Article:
THE BIOCHEMISTRY OF NIACINAMIDE IN THE SKIN

Niacinamide (a form of vitamin B3) has been incorporated into cosmetic formulations for many years, for good reasons too.

Niacinamide has become prevalent in a wide variety of topical formulations due to its antioxidant activity and has therefore been proposed as an excellent antiaging ingredient. Studies have also shown that niacinamide has shown favorable benefits for inflamed skin, acne prone, pigmented and sun damaged skin.

Molecular structure of Niacinamide

Niacinamide is an essential component of nicotinamide adenine dinucleotide (NAD) and nicotinamide adenine dinucleotide phosphate (NADP). Both NAD and NADP molecules essentially comprise the cellular energy of our cells to perform metabolic functions. There is a marked decrease in cellular concentrations of these two molecules as we age.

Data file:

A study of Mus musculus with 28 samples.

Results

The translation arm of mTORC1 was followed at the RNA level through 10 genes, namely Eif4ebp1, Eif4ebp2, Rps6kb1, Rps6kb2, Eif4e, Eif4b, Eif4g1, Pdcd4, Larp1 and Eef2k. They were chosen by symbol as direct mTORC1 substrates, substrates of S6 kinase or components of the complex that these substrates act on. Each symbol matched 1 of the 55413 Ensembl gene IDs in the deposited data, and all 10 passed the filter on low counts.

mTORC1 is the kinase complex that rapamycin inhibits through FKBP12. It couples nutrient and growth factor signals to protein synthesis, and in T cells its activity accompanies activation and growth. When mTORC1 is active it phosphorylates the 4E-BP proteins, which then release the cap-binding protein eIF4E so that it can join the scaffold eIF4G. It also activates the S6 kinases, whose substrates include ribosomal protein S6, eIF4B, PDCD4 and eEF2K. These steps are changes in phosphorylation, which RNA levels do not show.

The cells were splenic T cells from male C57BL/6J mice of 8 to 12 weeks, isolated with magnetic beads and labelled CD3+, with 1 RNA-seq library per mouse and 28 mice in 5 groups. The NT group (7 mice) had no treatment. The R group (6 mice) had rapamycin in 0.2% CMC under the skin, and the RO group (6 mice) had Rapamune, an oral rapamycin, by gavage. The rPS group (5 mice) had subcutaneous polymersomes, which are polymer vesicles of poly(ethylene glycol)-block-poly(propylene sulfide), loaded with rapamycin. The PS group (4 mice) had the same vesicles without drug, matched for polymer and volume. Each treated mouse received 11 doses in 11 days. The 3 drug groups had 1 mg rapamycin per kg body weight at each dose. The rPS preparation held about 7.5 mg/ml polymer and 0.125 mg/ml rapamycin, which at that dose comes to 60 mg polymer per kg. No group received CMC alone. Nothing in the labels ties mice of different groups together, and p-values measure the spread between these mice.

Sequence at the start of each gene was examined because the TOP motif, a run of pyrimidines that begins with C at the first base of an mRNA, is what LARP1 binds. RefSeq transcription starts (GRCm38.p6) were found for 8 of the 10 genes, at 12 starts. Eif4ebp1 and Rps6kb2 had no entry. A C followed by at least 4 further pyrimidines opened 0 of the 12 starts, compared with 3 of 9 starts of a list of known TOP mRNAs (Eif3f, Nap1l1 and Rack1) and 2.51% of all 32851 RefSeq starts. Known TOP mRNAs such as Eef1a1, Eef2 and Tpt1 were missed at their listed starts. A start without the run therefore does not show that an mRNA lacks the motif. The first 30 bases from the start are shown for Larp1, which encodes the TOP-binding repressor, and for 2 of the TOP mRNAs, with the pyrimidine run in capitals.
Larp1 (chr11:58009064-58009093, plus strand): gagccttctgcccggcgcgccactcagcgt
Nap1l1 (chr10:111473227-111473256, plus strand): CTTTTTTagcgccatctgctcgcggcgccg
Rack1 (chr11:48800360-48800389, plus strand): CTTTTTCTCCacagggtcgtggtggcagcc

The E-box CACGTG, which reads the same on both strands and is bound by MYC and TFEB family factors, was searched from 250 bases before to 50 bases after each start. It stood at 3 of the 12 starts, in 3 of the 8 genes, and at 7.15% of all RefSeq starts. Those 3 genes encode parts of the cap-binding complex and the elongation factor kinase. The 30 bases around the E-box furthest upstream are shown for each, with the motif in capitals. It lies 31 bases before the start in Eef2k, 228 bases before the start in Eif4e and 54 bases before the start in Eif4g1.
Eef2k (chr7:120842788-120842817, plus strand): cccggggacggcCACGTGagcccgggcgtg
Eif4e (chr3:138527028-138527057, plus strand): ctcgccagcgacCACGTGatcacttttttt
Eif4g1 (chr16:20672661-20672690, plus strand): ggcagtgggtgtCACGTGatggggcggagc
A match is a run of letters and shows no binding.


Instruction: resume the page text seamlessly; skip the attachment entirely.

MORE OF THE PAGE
Treating the skin with niacinamide makes the skin more resistant to environmental damage as well as trans epidermal water loss. This is essential to prevent further damage to the skin, treat existing damage and help retain moisture in the skin. Studies that were conducted with human fibroblasts also showed that topical applications of niacinamide stimulates the production of new fibroblasts by 20% and increases collagen secretion by 54%.

Niacinamide is readily absorbed into the skin, preferably in a water-soluble formulation with some penetration enhancers. Dermatologists recommended using a formulation with at least 2% niacinamide to experience the benefits, and a maximum of 10%.  

Experience the amazing benefits of niacinamide when you purchase the InnovaGlow Complete Hydrating Serum (6% Niacinamide and 2% Hyaluronic acid) and the Complete Protecting Moisturizer (3% Niacinamide).